Our alarm went off at 3:00 AM this morning, insanely early even by hiker standards. It was painful getting out of bed, but we had a mission: we were headed up to the rim of Crater Lake to see two things — the Perseid meteor shower, and sunrise over the lake. As bad as you know you’ll feel on only five hours of sleep, sometimes it’s more than worth it to have an experience out here that you probably could never have any other time of your life. So…up we went, and headed up the trail.
It turns out that, so early in the morning, you sometimes see things you probably never would’ve seen any other time. For us, this meant seeing a giant frog, almost as big as Bucket’s foot, crawling around on the trail this morning. I have no idea where it was going, but it was fascinating to watch, and I’m sure thoroughly confused by the sudden glare from our headlamps. I may have only been one-quarter-awake (“half-awake” would be overstating the situation), but still watched for a while as it crawled around on the trail.
It was still pitch-black when we reached the rim of Crater Lake, climbed up a hill, and found good spots to sit / lie down. There were stars everywhere, and we could see so many of them because the moon hadn’t risen yet. As it turns out, we didn’t actually see very many meteors, although the ones we did see were just as cool as you’d imagine — streaks of light flashing across the sky, coming down towards the earth. My understanding is that it’s pretty hard to know how spectacular or less-than-spectacular a meteor shower will be, so perhaps this was just a low year. Still, I’m glad we got to see a few of them.
The next event we saw was something we didn’t think would be nearly so cool: moonrise! Part of what made it startling is that, in the pitch black, the faint, faint outline of the lake that we could see tricked our sense of direction and made us think that the lake’s rim was actually much higher in the sky than it was — what we thought was the lake’s rim was actually just a layer of clouds. So it suddenly looked as if the moon had appeared in the lake…and bright orange, to boot. It was beautiful, spectacular, and odd all at the same time. We were entranced, and feeling our brains correct our earlier illusion about where the horizon was ended up being a pretty unusual experience in and of itself.
Sunrise was every bit as beautiful as you’d imagine. There we were, lying in our sleeping bags, heads propped up on our packs, watching the sky so slowly fade from black to dark blue, to deep, deep orange, onwards to red and yellow…and seeing the clouds above the sun turn neon pink before it rose. Our position on the crater’s rim was almost directly opposite the path of the rising sun, so we got to see all of it unfold before us pretty much perfectly. I won’t lie — I dozed for a little bit during the sunrise, just because I was so sleepy from getting up so early, but I still got to see basically the entire thing. Amazing.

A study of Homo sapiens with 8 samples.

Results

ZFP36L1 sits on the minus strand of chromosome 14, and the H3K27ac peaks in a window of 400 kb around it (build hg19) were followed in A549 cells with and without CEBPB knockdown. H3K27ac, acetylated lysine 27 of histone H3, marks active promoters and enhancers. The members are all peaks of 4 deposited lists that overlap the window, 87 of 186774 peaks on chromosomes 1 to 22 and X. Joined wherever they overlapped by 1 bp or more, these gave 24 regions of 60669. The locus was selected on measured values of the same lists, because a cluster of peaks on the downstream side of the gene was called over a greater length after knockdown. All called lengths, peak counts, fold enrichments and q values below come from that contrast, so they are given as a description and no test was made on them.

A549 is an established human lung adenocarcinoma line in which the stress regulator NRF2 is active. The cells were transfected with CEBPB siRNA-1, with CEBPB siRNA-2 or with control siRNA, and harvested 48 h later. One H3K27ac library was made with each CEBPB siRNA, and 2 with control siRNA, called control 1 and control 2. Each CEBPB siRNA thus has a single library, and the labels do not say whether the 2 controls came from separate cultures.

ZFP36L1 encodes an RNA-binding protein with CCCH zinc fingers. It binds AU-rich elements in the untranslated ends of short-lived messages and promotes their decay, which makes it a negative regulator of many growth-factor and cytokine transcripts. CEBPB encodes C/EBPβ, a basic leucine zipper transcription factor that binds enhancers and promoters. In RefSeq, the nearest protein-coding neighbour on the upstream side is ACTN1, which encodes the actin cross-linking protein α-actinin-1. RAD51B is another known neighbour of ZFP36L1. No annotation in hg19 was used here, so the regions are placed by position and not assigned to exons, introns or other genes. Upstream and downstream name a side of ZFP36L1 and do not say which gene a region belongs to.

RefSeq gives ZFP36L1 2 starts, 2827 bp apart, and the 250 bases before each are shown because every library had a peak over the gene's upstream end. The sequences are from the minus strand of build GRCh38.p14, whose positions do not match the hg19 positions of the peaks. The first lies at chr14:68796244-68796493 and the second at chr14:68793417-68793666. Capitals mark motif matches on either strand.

Around 7:00, we decided it was finally time to get hiking, and so we finally got moving. For the next five miles or so, we were hiking directly on the rim of Crater Lake, circling around it, which provides basically unlimited incredible views of the lake. For those who don’t know, Crater Lake was formed 7,700 years ago by the explosion of a volcano that was so huge that it took a 12,000-foot mountain and cut it off at 7,000 feet, then formed a huge crater that eventually filled with water. Twelve cubic miles of mountain vanished in the explosion — try wrapping your head around that. The resulting crater and lake is dramatic, and really unlike anything else I’ve ever seen on the planet.
Clearly visible from this trail the entire time, too, was a giant plume of smoke from a forest fire that’s been burning for a number of days in the northwest corner of the national park. It’s far enough away that it doesn’t threaten us or the buildings in the park at all, but it generates a tremendous amount of smoke — we heard tonight from some people we met on the trail that they tried to hike the rim later than us last night, and had to stop and turn around because they had trouble breathing. For us, today, the smoke has mostly been an omnipresent huge visual reminder of the fire, and, even though it doesn’t threaten us at all, it’s a little eerie to constantly be able to look and see this huge cloud of smoke rising in the distance.
We stopped early, early this evening for two reasons. First, we’re incredibly tired from getting up so early in the morning. But, second, we discovered that we get ten free miles on this segment of our trip! No, this isn’t a Cracker Jack promotion; rather, there’s an alternate that we were only vaguely aware of that’s ten miles shorter than the PCT, goes exactly where we want to go anyway, stays lower, and has more water. Sounds like a no-brainer to me. This cuts the distance we need to go before our next resupply, letting us take it just a little easier and catch up on sleep. So, even though it may be 7:30 PM…I’m headed to bed!